We all know what Carmelo Anthony's presence means on the court for the Knicks. Whenever he's attacking or attracting double teams, it's like the holiday season every night for his teammates who are the recipients of open looks -- the best present you can ask for as an NBA player. This season, they're being rewarded even more easy looks because, as Nets coach Avery Johnson put it on Wednesday, Melo is "on another planet right now."
That raised this intrigue: Has anything changed in his personality that's led to his higher level of play? Any new ways he's been helping the guys behind the scenes prepare for game time? As it turns out, Melo has, in fact, adjusted his basketball approach and demeanor this season. ESPNNewYork.com spoke to several members of the Knicks, who each provided their unique off-the-court perspectives on this season's early MVP favorite, starting with the head coach:
Mike Woodson: "He's the ultimate pro. You hear all kinds of stories before you coach a kid, but he's been everything and more for me in terms of me being able to coach him, being able to challenge him, and he's responded. He's made guys around him better. I thought last year our team really grew based on Melo and how he stepped it up after we had all the injuries. When Amar'e went out, which was a blow to our ball club, Melo rallied the troops I thought, and everybody responded until Amar'e was able to get back. That, to me, is a sign of a leader."
Tyson Chandler: "He's a lot more focused. I think last year was disappointing for him, as it was for the rest of the team. He came back, had a great Olympics, was one of the best players there -- if not, the best -- and it's huge for him."
J.R. Smith: "He's been more vocal than he's been in the past years. I don't think he's as shy as he's been in previous years to come out and say something, speak his mind. I think he has a group that he believes in and will listen to him as well, so it helps. Every day is fun for us. I mean, every day brings something new, every day we're laughing and joking, so every day is like a treasured moment for us, especially when we're winning, too."
Ronnie Brewer: "He's been great. The game looks so easy for him to have the big scoring nights that he has. It's been a positive note for me that he's still in my corner, still backing me. He just tells me to play with a lot of confidence. Everybody knows what I can do on defense, to be solid on defense, but he wants me to be a threat on offense and continue to shoot the ball, and shoot it with confidence, so that's what I'm trying to do."
Pablo Prigioni: "In this time I'm part of the team, I saw him quiet, playing great, but not all the time wanting the ball or playing for himself. I see him like trusting the team and his teammates, and I see him playing heartfelt, doing everything for the team on offense, but also on defense. I think it's the best season of Melo in the NBA. He's playing excellent and saw him really focused."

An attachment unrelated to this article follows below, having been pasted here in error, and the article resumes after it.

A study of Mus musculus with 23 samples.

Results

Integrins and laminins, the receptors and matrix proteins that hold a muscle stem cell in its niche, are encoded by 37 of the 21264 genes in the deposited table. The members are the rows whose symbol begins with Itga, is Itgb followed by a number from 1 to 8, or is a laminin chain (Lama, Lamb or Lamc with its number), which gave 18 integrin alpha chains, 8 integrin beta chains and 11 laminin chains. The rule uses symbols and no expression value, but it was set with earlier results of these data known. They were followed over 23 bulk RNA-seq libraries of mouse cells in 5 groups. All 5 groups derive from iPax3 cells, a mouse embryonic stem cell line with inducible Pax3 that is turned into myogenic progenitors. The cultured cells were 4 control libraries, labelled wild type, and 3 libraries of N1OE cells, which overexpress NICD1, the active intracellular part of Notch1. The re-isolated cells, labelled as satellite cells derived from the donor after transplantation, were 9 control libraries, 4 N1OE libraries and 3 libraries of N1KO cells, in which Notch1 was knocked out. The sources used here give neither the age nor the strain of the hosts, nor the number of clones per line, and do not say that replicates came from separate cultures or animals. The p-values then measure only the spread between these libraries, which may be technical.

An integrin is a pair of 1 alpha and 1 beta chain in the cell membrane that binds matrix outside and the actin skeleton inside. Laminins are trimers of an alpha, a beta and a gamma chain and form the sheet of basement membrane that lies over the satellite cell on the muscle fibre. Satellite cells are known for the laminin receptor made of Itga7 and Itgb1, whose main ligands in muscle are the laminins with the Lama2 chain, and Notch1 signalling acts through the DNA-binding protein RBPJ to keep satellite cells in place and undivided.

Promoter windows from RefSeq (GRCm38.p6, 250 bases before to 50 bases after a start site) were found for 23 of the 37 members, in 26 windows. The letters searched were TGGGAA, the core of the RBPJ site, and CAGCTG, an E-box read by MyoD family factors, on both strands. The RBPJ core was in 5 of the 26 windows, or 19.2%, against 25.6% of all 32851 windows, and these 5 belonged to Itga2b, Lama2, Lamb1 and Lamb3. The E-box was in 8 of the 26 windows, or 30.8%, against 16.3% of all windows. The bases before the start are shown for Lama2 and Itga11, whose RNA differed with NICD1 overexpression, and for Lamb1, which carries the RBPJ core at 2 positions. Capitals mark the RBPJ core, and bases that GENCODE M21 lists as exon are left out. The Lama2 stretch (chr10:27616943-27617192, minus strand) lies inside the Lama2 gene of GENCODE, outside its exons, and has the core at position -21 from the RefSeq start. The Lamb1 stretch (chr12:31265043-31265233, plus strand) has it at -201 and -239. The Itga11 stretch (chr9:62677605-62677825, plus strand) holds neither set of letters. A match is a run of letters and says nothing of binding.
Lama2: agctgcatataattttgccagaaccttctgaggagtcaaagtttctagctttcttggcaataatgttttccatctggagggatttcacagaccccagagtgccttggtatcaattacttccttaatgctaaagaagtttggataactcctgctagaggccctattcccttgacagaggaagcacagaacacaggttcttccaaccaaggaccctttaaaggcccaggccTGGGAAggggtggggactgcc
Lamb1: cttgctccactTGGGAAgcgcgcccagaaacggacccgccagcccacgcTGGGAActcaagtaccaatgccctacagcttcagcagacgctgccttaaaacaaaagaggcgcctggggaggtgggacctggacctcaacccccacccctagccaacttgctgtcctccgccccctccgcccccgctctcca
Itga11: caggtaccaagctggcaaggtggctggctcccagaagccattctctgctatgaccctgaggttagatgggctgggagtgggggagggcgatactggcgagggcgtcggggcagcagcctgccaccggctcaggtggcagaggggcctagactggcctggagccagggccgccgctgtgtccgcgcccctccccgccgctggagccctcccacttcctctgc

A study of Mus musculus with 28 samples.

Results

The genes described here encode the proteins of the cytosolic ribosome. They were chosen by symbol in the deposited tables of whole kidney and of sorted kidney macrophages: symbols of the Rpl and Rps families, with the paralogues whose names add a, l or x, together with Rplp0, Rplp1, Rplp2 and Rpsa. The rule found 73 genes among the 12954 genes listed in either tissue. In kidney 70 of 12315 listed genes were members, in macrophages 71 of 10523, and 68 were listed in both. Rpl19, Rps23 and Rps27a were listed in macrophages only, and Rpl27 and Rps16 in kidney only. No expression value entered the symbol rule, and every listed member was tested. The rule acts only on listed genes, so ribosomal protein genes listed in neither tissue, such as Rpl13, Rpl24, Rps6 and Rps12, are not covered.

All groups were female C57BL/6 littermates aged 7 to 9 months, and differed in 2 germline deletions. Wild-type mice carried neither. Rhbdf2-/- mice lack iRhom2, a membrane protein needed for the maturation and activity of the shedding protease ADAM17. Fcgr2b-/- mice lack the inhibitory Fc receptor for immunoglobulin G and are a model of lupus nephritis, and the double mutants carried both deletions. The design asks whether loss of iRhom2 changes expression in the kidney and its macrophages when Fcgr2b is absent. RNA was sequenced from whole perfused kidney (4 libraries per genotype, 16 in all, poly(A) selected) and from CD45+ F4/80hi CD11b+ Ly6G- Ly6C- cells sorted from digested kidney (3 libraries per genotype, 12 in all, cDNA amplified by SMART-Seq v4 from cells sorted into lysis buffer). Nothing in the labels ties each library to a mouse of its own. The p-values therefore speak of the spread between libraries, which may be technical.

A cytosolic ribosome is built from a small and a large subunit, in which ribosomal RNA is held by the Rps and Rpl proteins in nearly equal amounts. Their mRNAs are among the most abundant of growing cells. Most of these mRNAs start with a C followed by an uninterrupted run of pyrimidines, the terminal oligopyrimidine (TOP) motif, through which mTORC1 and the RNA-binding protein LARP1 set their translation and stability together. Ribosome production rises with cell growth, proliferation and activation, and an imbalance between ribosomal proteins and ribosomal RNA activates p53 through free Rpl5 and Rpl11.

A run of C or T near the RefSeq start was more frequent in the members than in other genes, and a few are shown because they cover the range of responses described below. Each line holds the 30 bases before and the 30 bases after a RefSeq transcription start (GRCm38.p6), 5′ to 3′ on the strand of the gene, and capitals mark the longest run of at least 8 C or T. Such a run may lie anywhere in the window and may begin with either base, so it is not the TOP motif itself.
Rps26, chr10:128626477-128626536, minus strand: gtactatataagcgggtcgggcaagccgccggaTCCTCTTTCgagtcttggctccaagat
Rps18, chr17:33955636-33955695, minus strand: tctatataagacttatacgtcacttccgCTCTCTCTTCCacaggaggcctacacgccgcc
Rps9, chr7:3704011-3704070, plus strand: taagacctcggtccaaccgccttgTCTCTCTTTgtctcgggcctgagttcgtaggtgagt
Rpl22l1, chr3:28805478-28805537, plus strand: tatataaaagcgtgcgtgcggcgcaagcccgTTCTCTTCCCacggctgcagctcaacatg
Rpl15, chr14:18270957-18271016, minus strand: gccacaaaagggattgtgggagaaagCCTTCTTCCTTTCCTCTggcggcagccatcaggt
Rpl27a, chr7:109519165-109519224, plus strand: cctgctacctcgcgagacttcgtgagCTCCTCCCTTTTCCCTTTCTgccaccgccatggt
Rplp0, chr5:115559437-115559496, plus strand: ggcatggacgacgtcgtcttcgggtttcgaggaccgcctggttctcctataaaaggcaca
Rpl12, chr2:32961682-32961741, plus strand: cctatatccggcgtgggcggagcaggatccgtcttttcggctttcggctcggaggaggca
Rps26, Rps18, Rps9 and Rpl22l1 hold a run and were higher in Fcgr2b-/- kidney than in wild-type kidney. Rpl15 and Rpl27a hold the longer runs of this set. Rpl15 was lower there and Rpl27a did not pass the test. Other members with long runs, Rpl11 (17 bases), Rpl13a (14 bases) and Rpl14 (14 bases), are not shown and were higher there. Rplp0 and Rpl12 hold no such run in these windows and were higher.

Chris Copeland: "When I was at Colorado, I would always be at the Pepsi Center, so I'm pretty familiar with him. We used to work out. He's a great dude. He's just super cool, like if you ever need anything from him, you can always ask about advice to help with stuff. That's one of the things that I think people recognize about him anyway, but that's something that needs to be said. He's a great character guy. All the guys help me for one, but like specifics for him, if he sees me doing a move that can be done better, for example, or different places on the floor I need to know, or when to attack, he's a great player. He sees the game at a very high level. I grab as much as I can from him, anything from footwork to places on the floor. I pay attention to him, for sure, and try to learn. Whatever he tells me, I try to put in my memory bank and use it."
James White: "The thing about Melo is, out of the superstars -- he's one of the top-five guys in the league -- he's a very down-to-earth guy, he helps everybody else. You hear stories about other superstars that aren't accessible to their teammates, they don't hang out with their teammates, talk to their teammates, but he treats everybody the same. He doesn't try to act above anybody else. That's the biggest thing to me. I mean, I've known him since he was in high school when he was a skinny kid from Baltimore. I'm from D.C. He's just the same guy. I'm like two years older than him, so growing up I was like the guy, and he was the next guy. Just watching him play and develop into the guy he is now, it's amazing."